It’s hardly surprising that so many New Zealanders suffer from allergies. About a third of us will complain about some sort of allergy in our lifetimes, and with all the pollen-laden vegetation that lives on the doorsteps of our cities and towns, plant-based allergens are often to blame. These plants, in particular, are the sneeziest and wheeziest of them all.
- The pollen season lasts for nine months of the year, from autumn (March) until the end of spring in November. The link between gorse pollen and hay fever has yet to be confirmed but given the huge amounts of pollen this plant produces, and because it is so widespread, a connection between the two would not be surprising. Gorse was introduced into New Zealand as an ornamental plant and although it has a bad reputation in modern days, it is a major food source for bees, particularly in winter, and is an important nurse plant for regenerating bush.
- Just like gorse, macrocarpa trees are commonly seen on long drives on country roads. Another thing in common with gorse – a very, very long pollen season. Macrocarpa trees produce pollen for eight months of the year, extending from July right through to February. Macrocarpa pollen is classified as a severe allergen.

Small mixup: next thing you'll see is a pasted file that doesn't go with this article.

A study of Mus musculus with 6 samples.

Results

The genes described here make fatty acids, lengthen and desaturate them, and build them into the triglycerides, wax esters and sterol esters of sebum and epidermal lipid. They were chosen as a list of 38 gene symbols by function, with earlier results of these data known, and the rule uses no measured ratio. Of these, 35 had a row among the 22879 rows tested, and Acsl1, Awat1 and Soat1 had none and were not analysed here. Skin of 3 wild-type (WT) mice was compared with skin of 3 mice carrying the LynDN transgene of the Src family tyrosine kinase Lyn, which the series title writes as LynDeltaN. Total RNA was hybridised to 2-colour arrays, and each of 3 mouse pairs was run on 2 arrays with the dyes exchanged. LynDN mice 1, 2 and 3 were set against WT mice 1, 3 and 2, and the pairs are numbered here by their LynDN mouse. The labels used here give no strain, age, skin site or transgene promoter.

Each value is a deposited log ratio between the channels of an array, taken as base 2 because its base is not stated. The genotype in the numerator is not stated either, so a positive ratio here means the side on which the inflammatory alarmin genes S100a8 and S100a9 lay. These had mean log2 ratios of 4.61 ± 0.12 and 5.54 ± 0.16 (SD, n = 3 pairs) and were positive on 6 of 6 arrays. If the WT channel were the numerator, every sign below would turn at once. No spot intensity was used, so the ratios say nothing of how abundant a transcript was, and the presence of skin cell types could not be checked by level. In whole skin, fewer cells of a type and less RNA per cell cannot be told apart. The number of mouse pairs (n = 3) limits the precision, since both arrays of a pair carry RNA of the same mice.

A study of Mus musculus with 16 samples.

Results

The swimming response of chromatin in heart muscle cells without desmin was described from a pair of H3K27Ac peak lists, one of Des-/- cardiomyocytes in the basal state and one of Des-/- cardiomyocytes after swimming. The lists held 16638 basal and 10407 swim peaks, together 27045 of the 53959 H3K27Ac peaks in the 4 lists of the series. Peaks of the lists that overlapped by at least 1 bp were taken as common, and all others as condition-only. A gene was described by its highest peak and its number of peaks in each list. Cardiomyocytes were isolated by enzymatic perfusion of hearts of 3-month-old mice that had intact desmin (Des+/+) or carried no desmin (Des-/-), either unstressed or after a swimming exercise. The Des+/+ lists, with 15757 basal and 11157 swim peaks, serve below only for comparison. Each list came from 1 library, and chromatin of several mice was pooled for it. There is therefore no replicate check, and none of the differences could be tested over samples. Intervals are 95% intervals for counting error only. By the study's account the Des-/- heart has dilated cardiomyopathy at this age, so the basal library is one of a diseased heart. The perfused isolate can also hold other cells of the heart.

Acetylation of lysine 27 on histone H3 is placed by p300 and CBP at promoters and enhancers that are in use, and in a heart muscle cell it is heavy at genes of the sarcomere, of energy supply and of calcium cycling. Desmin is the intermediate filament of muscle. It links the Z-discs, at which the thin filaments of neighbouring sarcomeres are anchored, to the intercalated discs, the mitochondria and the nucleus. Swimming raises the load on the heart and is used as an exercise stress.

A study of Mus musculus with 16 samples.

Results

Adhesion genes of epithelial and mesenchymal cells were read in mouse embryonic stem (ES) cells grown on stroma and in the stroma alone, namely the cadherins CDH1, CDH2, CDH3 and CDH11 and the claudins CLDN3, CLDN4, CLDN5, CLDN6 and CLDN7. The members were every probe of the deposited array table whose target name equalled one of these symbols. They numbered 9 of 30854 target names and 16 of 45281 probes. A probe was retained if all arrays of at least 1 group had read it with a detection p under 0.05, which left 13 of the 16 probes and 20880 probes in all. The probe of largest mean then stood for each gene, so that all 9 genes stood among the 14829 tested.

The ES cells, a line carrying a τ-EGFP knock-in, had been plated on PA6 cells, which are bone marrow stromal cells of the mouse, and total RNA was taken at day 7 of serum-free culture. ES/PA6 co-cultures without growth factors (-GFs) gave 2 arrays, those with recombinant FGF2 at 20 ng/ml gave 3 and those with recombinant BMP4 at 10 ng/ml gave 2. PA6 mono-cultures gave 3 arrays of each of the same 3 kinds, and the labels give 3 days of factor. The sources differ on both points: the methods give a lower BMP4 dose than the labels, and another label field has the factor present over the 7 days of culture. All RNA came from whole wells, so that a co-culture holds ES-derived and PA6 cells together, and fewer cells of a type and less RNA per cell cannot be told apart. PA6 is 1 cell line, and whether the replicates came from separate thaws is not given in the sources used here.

- In New Zealand, plantain is not the banana-type fruit known all over the world. Here, it is a low-growing weed that produces pollen for seven months of the year, starting in September until autumn in March. Each plantain plant produces only small amounts of pollen, but it is widespread in parks, lawns and roadside verges which makes it one of New Zealand’s most common allergens.
- This is a well known and prolific pollen producer for half the year starting from July. A mature Pinus radiata tree can produce up to one kilogram of pollen each year; with our vast and numerous pine forests, it’s inevitable that all of those allergens will affect Kiwis up and down the country. While pine pollen is seen as nasty stuff here, it has been used in Chinese medicine for centuries.
- Olive trees. This one might surprise you because, until the early 2000s, most New Zealanders weren’t aware they were sensitive to olive tree pollen because there weren’t many trees around. But the number of olive orchards is increasing
and they produce pollen from October to March, particularly in dry areas with a
Mediterranean climate e.g. Hawkes Bay. The oil is nice but the pollen is potent.
In a country where plant-based allergens are largely responsible for the sneezes, wheezes and coughs that plague us, it is good to know that modern heat pumps, as supplied and installed by companies like this one, are coming to the rescue. Many of the latest devices now feature advanced filtration systems, capable of removing pollen and dust from the air before delivering clean, allergen-free air back into the internal environment. Technology like this is not to be sneezed at in our sneeze-inducing environment.